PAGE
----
County announces plans for state beach erosion funds


For immediate release

Jan. 20, 2023

Media contact: Pat Kuehn

 

County announces plans for state beach erosion funds

 

After suffering unprecedented coastal erosion and more than $852 million in damages from hurricanes Ian and Nicole, Volusia County received some welcome relief. Gov. Ron DeSantis presented a $37.6 million check to county officials on Jan. 18 for use in beach restoration. These funds are on top of $5 million the county recently received for emergency sand placement through the Florida Department of Environmental Protection.

 

“This generous funding will definitely help us with recovery efforts, and we look forward to stepping up our efforts to replace sand and restore dunes,” said County Manager George Recktenwald.

 

What Volusia County has accomplished

 

After Hurricane Nicole, county officials estimated that beach assets suffered $30.6 million in damages, including: 

  1. 105 of 141 walkovers closed due to damage or destruction
  2. 15 of 17 coastal parks closed due to debris and damage
  3. 33 of 37 beach ramps closed due to damage

 

Volusia County has made significant headway in the past couple months by opening:

  1. 67 of 141 walkovers
  2. 14 coastal parks (Frank Rendon, Edwin W. Peck Sr. and Dahlia parks remain closed)
  3. 13 beach ramps 

 

The county has also been identifying the areas of greatest need for sand replenishment, exploring ways to prevent new sand from washing away, working with oceanfront municipalities to conduct vital pre- and post-storm analyses, and advocating for private property owners with the Florida Legislature.

 

Additionally, county staff is making every effort to maximize federal and state reimbursement and reduce the financial burden on the property owners and county residents. In doing so, staff is adhering to FEMA guidelines with regards to storm response measures.  

 

Volusia County Coastal Director Jessica Fentress was invited to speak to the Florida House and Senate Resiliency Committees on Jan. 19. She drew attention to Volusia County’s coastal destruction and requested full funding of the $77.7 million earmarked for Volusia through the state’s recovery plan. She also requested clarification on permitting questions and advocated for private property needs, which include multiple cost assessments for condo owners, financial burdens for repairs, availability of sand, and ability to build during sea turtle nesting season.

 

Stages agencies provide essential assistance

 

County staff has also been working closely with state agencies to maximize and hasten recovery efforts.

 

  1. The Florida Division of Emergency Management was embedded with county staff after both hurricanes and deployed the Tiger Dam System in Daytona Beach Shores in early December.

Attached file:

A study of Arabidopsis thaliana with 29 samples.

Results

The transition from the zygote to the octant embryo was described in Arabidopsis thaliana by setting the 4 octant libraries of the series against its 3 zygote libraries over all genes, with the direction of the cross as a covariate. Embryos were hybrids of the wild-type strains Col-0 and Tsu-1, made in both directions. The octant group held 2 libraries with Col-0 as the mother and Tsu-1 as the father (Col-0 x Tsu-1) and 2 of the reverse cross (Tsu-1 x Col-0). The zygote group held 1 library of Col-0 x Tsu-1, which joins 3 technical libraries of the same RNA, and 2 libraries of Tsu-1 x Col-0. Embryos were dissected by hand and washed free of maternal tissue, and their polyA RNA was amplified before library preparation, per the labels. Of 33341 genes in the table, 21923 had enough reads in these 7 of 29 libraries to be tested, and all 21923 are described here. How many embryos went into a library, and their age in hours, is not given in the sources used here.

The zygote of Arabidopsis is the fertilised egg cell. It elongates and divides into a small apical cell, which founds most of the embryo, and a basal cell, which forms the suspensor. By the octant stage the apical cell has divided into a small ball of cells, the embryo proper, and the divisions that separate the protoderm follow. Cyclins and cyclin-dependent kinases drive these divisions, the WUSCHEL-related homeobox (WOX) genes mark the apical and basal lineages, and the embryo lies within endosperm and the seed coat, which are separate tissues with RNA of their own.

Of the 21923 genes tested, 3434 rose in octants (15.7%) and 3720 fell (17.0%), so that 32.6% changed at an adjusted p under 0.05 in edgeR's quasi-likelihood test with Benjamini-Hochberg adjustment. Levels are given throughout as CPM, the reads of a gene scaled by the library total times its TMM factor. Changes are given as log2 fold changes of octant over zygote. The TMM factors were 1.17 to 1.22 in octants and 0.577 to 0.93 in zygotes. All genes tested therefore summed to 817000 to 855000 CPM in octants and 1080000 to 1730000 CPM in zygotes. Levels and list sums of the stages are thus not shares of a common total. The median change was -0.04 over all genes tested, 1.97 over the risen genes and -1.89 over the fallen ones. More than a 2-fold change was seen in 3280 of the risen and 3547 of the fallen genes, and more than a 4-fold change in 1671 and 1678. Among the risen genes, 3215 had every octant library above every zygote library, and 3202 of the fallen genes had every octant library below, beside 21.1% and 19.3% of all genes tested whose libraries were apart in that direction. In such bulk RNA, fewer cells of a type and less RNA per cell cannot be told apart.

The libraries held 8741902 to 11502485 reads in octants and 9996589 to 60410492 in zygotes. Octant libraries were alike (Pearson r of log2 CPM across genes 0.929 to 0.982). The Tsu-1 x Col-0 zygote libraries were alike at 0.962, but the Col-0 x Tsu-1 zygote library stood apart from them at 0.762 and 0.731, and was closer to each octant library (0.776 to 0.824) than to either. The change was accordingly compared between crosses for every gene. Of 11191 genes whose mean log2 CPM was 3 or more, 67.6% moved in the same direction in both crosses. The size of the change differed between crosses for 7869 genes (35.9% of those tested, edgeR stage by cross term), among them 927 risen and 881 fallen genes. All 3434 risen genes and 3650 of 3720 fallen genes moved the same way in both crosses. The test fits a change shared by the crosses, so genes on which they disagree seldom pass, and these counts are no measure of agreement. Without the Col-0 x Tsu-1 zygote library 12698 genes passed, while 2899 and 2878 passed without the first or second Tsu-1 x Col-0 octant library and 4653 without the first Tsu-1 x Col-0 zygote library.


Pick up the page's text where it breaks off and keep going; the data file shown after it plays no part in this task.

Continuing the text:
2. The Florida Department of Environmental Protection, collaborating with Volusia County, granted permission to implement immediate temporary measures for affected shorelines, held two permitting open houses, and provided immediate assistance with sourcing quality materials, contractors and engineers. The department also developed a comprehensive Hurricane Ian and Nicole Beaches and Dune System Recovery Plan.
  3. The Florida Inland Navigation District (FIND) has executed agreements for offloading beach compatible sand from its dredge material management areas and is assisting the county in sourcing additional beach compatible sand areas.
  4. The Florida Department of Transportation is working with Volusia County on the long-term resiliency of the Ocean Shore Boulevard section of State Road A1A in Ormond-by-the-Sea.

 

What’s next?

 

The State of Florida will send a grant agreement to the county, detailing the procedures the county must follow to deploy the $37.6 million in state funds. With this information – and in accordance with the requirements of the grant agreement – staff will present a beach recovery plan to the Volusia County Council for approval and direction.

 

Immediate uses for the state funds include:

  1. Placing sand from FIND’s Edgewater Dredged Material Management Area (DMMA) on critically vulnerable areas of the beach
  2. Deploying sand from FIND’s Rattlesnake Island’s DMMA for on-beach placement
  3. Drafting a feasibility study and project design in line with the state’s recovery plan

 

Staff will meet with the U.S. Army Corps of Engineers on Jan. 25 to discuss the upcoming Intracoastal  Waterway dredge project, repair of the north jetty and a path to partnership on a countywide beach feasibility study. 

 

“Our staff is working feverishly to restore the coast, but this isn’t going to happen overnight,” Recktenwald said. “Our coastline suffered catastrophic damage, and we must work within the confines of state and federal rules. We also have some major obstacles to overcome, not the least of which is finding a huge source of beach compatible sand.” 

 

For more information

 

Residents can get the latest information about beach access and recovery efforts at www.volusia.org/beachrecovery or by downloading the Volusia Beaches app.